Facing a domestic backlash and the threat of foreign trade retaliation, Australian Prime Minister Scott Morrison yesterday appeared to slow-peddle a controversial decision to move the nation’s embassy in Israel to Jerusalem, saying he would first consult with allies.
As Morrison stood accused of ditching 70 years of Australian foreign policy and reports emerged that Indonesia might suspend a planned bilateral trade deal, the prime minister told parliament no firm decision had been taken.
Hours after first floating the idea, Morrison said he would “canvass views” from regional leaders about the decision to follow US President Donald Trump’s lead and move the embassy from Tel Aviv “before the government forms a particular view on this issue.”
Jerusalem is claimed by both Israelis and Palestinians. Most foreign nations have avoided locating embassies there for fear of prejudging peace talks on the city’s final status — until Trump unilaterally moved the US embassy there earlier this year.
Officials said the decision to move the Australian embassy has been under consideration for months, but Morrison’s announcement was timed to coincide with a make-or-break moment for his fledgling leadership.
Voters in a key Sydney electorate are to go to the polls on Saturday, with Morrison’s Liberal party candidate, a former ambassador to Israel, trailing in the final stretch.
Defeat for Morrison’s candidate — in a constituency with a sizeable Jewish population — would spell the end of his government’s parliamentary majority and a bleak future for his months-old stint at the top of Australia’s rough-and-tumble political heap.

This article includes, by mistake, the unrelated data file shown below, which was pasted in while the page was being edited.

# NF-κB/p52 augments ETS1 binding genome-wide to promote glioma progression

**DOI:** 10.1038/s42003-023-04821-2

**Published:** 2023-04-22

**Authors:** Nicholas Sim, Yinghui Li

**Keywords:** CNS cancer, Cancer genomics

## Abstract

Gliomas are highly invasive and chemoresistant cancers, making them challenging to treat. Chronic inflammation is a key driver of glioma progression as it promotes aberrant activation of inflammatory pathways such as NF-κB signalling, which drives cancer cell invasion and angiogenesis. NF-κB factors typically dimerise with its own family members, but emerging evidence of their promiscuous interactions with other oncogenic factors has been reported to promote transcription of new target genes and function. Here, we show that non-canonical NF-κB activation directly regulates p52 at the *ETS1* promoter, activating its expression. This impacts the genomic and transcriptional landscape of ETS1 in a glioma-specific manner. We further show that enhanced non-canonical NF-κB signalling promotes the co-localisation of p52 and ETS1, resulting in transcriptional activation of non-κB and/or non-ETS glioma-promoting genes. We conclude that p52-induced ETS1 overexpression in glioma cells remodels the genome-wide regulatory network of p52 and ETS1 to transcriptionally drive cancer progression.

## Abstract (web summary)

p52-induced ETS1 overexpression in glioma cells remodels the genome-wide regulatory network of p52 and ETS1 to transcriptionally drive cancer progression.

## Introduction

Although Israeli Prime Minister Benjamin Netanyahu hailed Morrison’s initiative, the response from Indonesia was less welcoming.
Indonesian Minister of Foreign Affairs Retno Marsudi said the government questions the merits of Morrison’s announcement and has conveyed its “strong concern.”
“Indonesia has asked Australia and other countries to continue to support the Palestinian-Israeli peace process in accordance with the principles agreed upon and not take steps that could threaten the peace process itself and threaten the stability of world peace,’’ she said.
Australia would be “violating international law” and UN security council resolutions if it proceeded with the embassy move, said Palestinian foreign minister Riyad al-Maliki, who was in Jakarta on an official visit.
“Australia is risking [its] trade and business relationship with the rest of the world and particularly the Muslim world,” he added.
“I hope that Australia would reconsider that decision before it takes such action for election purposes,” he said.